Wednesday, October 27, 2004

Life Sciences Industry Perspectives on the Semantic Web

Still at the W3C Semantic Web in Life Sciences Workshop (agenda).

The most consistent message from the pharma industry has been that the data management and discovery problems they face are complex. Otto Rittter from Astrazeneca said, "Drug discovery is a complex, costly, risky, information-driven enterprise". Not a bad quote, but it doesn't make you feel the truth like Ted Slator's comments about Pfizer. Pfizer is the industry's largest R&D organization. They have 12,500 employees and plan to spend US$7.9 billion on R&D alone in 2004. They have hundreds of ongoing R&D efforts in 18 theapuetic areas. Now, take that money-to-person ratio and combine it with the fact that the current state of knowledge management is driven by M$ Excel and Powerpoint. That is, data is collected in Excel and shown to other reseachers solely (in most cases) via Powerpoint. Wow.

According to Eric Neumann (Global Head of Knowledge Management, Aventis Pharmaceutical), the primary concerns when developing drugs are safety, efficacy (will it do what it is supposed to do), cost effectiveness and timeliness. It strikes me that the same list could be applied to software engineering projects; they are simply statements of economics. However, software projects that violate the rules are often fielded, anyway.

A fundamental problem of the application of semantic techniques to the life sciences industry is that basic terms are not well defined. Even simple terms like "protein" and "gene" are the subject of much argument. This would definitely hamper the development of ontologies. Still, many people are doing it in the best spirit of just getting on with things.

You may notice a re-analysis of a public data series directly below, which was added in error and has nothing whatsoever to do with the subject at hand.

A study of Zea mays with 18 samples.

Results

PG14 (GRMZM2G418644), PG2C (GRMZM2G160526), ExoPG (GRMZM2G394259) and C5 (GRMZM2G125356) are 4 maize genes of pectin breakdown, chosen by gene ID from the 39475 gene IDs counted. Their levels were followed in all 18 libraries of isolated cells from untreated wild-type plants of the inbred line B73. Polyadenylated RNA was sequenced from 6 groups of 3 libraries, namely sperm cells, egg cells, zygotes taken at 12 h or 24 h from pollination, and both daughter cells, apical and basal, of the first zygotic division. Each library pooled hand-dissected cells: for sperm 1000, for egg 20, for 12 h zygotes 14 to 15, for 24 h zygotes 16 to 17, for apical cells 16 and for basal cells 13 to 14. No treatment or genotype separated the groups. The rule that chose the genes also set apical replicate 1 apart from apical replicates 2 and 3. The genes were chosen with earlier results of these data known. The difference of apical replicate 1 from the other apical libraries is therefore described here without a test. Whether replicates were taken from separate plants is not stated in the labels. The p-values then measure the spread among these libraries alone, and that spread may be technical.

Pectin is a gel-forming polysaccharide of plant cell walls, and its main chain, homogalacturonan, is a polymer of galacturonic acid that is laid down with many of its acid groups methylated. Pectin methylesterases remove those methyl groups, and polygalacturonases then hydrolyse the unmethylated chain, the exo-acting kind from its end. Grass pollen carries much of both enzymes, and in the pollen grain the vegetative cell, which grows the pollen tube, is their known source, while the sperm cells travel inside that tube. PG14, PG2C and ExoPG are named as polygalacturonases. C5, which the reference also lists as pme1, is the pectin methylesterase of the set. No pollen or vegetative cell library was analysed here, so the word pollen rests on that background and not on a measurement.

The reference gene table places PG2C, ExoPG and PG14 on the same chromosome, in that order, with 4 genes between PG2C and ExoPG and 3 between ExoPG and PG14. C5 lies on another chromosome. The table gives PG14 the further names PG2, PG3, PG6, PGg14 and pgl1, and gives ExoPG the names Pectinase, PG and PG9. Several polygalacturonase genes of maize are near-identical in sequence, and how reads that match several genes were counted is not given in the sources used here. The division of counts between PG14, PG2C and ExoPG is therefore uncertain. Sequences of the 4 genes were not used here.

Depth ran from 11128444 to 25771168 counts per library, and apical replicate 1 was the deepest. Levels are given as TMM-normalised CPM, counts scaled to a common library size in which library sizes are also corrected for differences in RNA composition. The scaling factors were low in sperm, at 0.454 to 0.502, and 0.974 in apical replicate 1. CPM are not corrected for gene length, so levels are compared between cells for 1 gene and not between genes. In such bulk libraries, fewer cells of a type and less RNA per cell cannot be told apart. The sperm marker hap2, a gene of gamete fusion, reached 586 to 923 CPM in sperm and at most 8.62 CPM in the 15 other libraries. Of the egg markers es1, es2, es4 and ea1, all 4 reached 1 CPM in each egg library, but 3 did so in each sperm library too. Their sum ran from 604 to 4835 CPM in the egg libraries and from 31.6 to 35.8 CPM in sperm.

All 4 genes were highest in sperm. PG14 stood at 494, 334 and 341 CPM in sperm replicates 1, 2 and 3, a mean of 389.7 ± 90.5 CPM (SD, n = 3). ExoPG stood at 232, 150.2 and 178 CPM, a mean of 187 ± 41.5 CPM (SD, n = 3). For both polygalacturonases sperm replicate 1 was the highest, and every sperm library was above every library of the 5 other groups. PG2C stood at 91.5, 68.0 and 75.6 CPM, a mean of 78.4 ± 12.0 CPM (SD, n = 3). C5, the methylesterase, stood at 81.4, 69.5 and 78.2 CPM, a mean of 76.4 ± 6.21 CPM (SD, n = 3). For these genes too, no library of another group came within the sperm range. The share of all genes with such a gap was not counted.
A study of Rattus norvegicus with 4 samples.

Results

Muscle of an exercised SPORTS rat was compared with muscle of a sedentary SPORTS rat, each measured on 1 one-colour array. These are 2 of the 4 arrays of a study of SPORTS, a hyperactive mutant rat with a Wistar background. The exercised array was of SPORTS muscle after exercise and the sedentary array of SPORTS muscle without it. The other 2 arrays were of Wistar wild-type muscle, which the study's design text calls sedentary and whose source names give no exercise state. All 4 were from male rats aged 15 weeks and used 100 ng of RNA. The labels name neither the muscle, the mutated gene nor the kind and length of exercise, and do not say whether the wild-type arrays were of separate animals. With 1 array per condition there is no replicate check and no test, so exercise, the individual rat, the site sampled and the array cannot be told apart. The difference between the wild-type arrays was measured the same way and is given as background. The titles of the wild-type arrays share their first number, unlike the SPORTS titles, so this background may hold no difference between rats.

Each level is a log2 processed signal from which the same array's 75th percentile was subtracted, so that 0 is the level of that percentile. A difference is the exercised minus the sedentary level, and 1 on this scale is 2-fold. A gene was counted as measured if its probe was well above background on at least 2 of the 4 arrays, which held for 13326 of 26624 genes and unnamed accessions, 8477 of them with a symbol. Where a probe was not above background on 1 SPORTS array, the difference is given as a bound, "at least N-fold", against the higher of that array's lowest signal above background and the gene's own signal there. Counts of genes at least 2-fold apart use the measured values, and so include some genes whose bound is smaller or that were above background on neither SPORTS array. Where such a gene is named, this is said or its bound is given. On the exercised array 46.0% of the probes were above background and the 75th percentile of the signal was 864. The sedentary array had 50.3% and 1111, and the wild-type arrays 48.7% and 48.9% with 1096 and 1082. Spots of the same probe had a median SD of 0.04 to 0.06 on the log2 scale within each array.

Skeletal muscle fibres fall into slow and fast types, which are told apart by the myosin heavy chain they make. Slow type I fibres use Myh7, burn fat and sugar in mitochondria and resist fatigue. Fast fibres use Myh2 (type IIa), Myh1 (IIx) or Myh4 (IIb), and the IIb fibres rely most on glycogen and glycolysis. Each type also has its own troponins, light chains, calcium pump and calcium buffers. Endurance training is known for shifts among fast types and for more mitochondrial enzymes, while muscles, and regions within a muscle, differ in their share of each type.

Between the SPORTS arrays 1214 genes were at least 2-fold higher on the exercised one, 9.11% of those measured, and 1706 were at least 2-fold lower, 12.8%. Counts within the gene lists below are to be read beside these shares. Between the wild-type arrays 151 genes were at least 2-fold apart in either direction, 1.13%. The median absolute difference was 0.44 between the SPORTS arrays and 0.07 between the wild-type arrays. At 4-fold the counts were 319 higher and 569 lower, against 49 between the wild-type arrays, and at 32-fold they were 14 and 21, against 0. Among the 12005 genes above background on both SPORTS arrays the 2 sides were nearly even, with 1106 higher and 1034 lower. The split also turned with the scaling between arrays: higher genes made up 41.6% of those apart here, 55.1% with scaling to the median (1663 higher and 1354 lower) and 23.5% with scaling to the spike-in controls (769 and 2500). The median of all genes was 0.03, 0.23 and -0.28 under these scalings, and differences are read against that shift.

Two subjects of discussion in the Semantic Web Best Practices Working Group have been highlighted here: Provenance and transitive relationships. Biology is complex, and the statement that a gene encodes a protein may only be true within a certain context (including species of the genome, the gene sequence used, version info, etc). That makes transitive relationships suspect, and infers (there's that word again) that they should be made only when context is very clear. Even simple in silico experiments suffer from a lack of software version capture, as well as operating environments. That situation gets worse when biological experiments fail to encode full provenance.

The industry currently has no information supply chain data exchange standards, nor are they likely to come soon. Trust issues and funding sources ensure that data is simply not shared. This could result in semantic techniques being applied solely within companies in the short and medium terms. I would love to see some of the pharmas get together to define common ontologies, though, even if the instance data is purely internal.

Overall, the industry is drowning in data and an inability to get their hands around it. Ted Slator (Pfizer) says, "Our domain is too big to fit in our heads", and yet data integration is generally being attempted that way. It is no wonder that this workshop attracted such a large attendence.